It was a surreal and unsettling sight on the Yankee Stadium infield Saturday afternoon when the Bombers came out for the top of the 9th. Their infield depth stripped to the bone with Eduardo Nunez again victim of a hit-by-pitch and backup infielder Jayson Nix already removed for a pinch hitter, the Yankees had to call up their contingency plan. That meant that Robinson Cano shifted to shortstop for the first time in his career, and catcher Francisco Cervelli slotted in at second. It was an uneasy reminder of how far away May 1st actually is.
“I knew exactly what I was going to do if we got in that situation,” Joe Girardi told the clubhouse media after the game. “I know what we have. I’ve seen Cervy take enough ground balls in the days that I’ve seen him that he’s actually pretty smooth. If you ever watch him do it, he’s pretty smooth at it.”
Maybe Cervelli really is the next Willie Randolph, but until Derek Jeter proves ready to play every day, that Grand Experiment will have to wait. Right now, the Yankees’ infield depth is razor-thin, and if Nunez’s wrist bone contusion lingers, it might stretch to its limit. With the way things are headed, Nix may come out for his next plate appearance wrapped head-to-toe in bubble wrap.
Unfortunately for the Yankees and their ailing shortstops, reinforcements aren’t going to be easy to come by. For one thing, they’re facing a serious roster crunch. Because neither Jeter nor Nunez is expected to be out long-term (or at least past mid-May, in Jeter’s case), the best short-term solution that doesn’t involve a catcher at second would be to pull from the 40-man.
But it won’t be that simple. Corban Joseph, currently with triple-A Scranton Wilkes-Barre, is the only eligible infielder who isn’t already in the Bronx or contributing to the problem (see: Jeter, Derek). And though Joseph has a respectable career .791 OPS, the 24-year-old’s defense looked shaky in spring training, when every ball hit his way seemed to turn into an adventure. He’s also never played a game at shortstop. Still, if the Yankees are truly desperate, bringing Joseph up would be the comparatively simplest maneuver. Outfielder Brennan Boesch does have options left, and a two-week switch of the two might give New York the most breathing room.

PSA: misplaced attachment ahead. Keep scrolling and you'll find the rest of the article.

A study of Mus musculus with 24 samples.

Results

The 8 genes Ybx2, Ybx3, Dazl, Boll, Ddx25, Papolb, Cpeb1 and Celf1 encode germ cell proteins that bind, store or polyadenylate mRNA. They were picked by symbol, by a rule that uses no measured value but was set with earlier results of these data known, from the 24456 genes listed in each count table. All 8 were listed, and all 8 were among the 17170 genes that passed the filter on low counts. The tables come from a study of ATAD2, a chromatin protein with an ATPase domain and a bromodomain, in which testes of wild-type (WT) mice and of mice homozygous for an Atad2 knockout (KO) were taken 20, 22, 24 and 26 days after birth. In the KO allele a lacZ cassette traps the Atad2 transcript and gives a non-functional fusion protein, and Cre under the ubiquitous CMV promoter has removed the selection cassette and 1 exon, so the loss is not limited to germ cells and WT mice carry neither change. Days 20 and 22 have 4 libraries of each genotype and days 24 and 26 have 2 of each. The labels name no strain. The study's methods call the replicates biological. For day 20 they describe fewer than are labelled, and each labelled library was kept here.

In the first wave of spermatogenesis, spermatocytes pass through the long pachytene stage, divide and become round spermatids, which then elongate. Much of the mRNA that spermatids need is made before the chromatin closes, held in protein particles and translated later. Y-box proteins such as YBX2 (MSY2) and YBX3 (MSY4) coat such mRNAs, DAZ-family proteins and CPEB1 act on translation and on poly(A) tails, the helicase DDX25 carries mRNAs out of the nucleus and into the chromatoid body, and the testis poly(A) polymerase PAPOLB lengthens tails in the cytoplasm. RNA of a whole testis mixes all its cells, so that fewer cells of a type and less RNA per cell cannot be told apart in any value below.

After Joseph, the search for middle-infield help gets a bit more complicated. The Yankees do have some vaguely big league insurance in 32-year-old Gil Velazquez, who has a total of 75 MLB PAs over four seasons. Velazquez can play three infield positions, including shortstop, but he is also not known for having either a stellar glove or an intimidating bat. With the roster tinkering that would accompany the purchase of his contract, Velazquez’s worth may not be high enough for a short-term fix.
And then there’s Addison Maruszak. Perhaps the most intriguing option of the immediate Scranton Wilkes-Barre infield, Maruszak had a breakout year with double-A Trenton in 2012, hitting .276/.330/.457 with 16 homers and 59 RBIs. He can also play all four infield positions, though he did make 15 errors in 70 games at short last season. The Yankees probably prefer to give him regular playing time, but at 26, Maruszak’s value may begin to lie in his versatility in short bursts at the big league level, rather than as a full-time infielder of the future. Still, like Velazquez, his promotion would require a roster move. With help needed on both sides of the ball as the Bombers wait out their injured superstars, New York can ill afford to lose a potentially important cog this early in the season.
Along those lines, the Yankees could seek help on the trade front, but with Jeter likely back before the middle of May and Nunez scheduled to see action next week, they would be unwise to give away a trade chip for a short-term solution, at least before May hits. If the Yankees are still contenders at the deadline, they may need every piece they have to bolster their roster in the dog days.
Ultimately, therein lies the immediate depth problem. Though teetering on emergency levels at the moment, the relatively short-term nature of the dilemma is keeping the Yankees’ hands tied. Patience and caution are virtues, but they’re also the only options available. If the Yankees panic, they leave themselves vulnerable to weakening another part of their game. It’s not comfortable and it’s not fun, but they really have no other choice. So, for the meantime, they’ll have to keep Nix away from sharp objects, and tell Francisco Knoblauch over there to stay loose.